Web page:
Abstract 12505: New-onset Atrial Fibrillation is an Independent Long-term Risk-factor for Hyperthyroidism
Background: Hyperthyroidism is a well-known risk factor for atrial fibrillation (AF), but it is unknown whether new-onset AF predicts later-occurring hyperthyroidism.
Objectives: To examine the long-term risk of hyperthyroidism in patients admitted to hospital with new-onset AF.
Methods: All patients admitted with first-time AF in Denmark from 1997 to 2006 and their present and subsequent use of antithyroid medication were identified by individual-level linkage of nationwide registries of hospitalization and drug dispensing from pharmacies. Patients with previous thyroid disease or any thyroid medication were excluded. Development of hyperthyroidism was assessed by treatment initiation of methimazole or propylthiouracil within a 10 year period. Every patient was matched with ten controls in the background population by sex and age and the risk of hyperthyroidism was analyzed by multivariate Cox proportional-hazard models.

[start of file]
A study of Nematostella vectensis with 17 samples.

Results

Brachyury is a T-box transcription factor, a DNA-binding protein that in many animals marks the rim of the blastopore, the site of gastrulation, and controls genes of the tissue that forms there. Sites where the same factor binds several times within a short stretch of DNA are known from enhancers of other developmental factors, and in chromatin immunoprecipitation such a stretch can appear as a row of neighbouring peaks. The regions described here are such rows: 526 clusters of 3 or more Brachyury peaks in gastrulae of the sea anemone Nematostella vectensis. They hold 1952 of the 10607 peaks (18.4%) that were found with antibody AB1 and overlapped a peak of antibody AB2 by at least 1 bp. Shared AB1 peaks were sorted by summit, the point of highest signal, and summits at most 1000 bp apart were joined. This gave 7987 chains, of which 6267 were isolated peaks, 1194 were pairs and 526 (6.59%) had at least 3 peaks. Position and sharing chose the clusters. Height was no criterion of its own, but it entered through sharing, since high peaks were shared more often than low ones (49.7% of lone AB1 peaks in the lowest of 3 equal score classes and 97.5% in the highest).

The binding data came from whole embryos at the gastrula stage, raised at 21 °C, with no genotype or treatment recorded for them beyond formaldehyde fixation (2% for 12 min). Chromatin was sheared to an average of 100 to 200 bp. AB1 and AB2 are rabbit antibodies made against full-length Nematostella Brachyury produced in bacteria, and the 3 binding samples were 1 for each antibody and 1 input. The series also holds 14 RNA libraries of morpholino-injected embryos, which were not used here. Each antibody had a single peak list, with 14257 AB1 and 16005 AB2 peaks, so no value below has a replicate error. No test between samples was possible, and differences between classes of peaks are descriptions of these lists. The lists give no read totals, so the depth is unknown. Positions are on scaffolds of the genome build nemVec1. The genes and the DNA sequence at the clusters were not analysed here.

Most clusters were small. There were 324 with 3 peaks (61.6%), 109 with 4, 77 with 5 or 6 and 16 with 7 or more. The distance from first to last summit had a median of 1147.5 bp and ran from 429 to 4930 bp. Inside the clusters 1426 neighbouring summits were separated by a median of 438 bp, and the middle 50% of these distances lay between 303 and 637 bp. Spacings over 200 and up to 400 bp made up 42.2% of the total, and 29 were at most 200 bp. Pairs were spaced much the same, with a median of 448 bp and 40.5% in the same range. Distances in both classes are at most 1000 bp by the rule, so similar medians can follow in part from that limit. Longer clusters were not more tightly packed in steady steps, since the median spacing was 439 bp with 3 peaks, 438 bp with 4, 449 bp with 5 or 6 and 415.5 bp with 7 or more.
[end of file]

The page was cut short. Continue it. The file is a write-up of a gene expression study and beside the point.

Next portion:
Results: A total of 139,521 patients with new-onset AF were included (mean age 73.5 years [SD ±12.5] and 52% males). The total number of patients initiating antithyroid medication in the 10 year period after index AF was 7,138 (5.2%), of whom 4,924 (69%) were women and 2,214 (31%) were men. The gender-stratified cumulative incidence of hyperthyroidism for new-onset AF patients and controls is shown in the Figure. Cox regression analysis showed significantly increased risk of hyperthyroidism in patients with new-onset AF compared to controls (hazard ratio [HR] 2.98; 95% confidence interval [CI] 2.84-3.12) and this effect was found for both women (HR 2.39;CI 2.26–2.53) and men (HR 5.30;CI 4.89–5.75). This risk was increased throughout the 10 year period.
Conclusions: New-onset AF is an independent long-term risk factor for later occurrence of hyperthyroidism. Increased focus on subclinical hyperthyroidism in patients with new-onset AF is warranted.
- © 2010 by American Heart Association, Inc.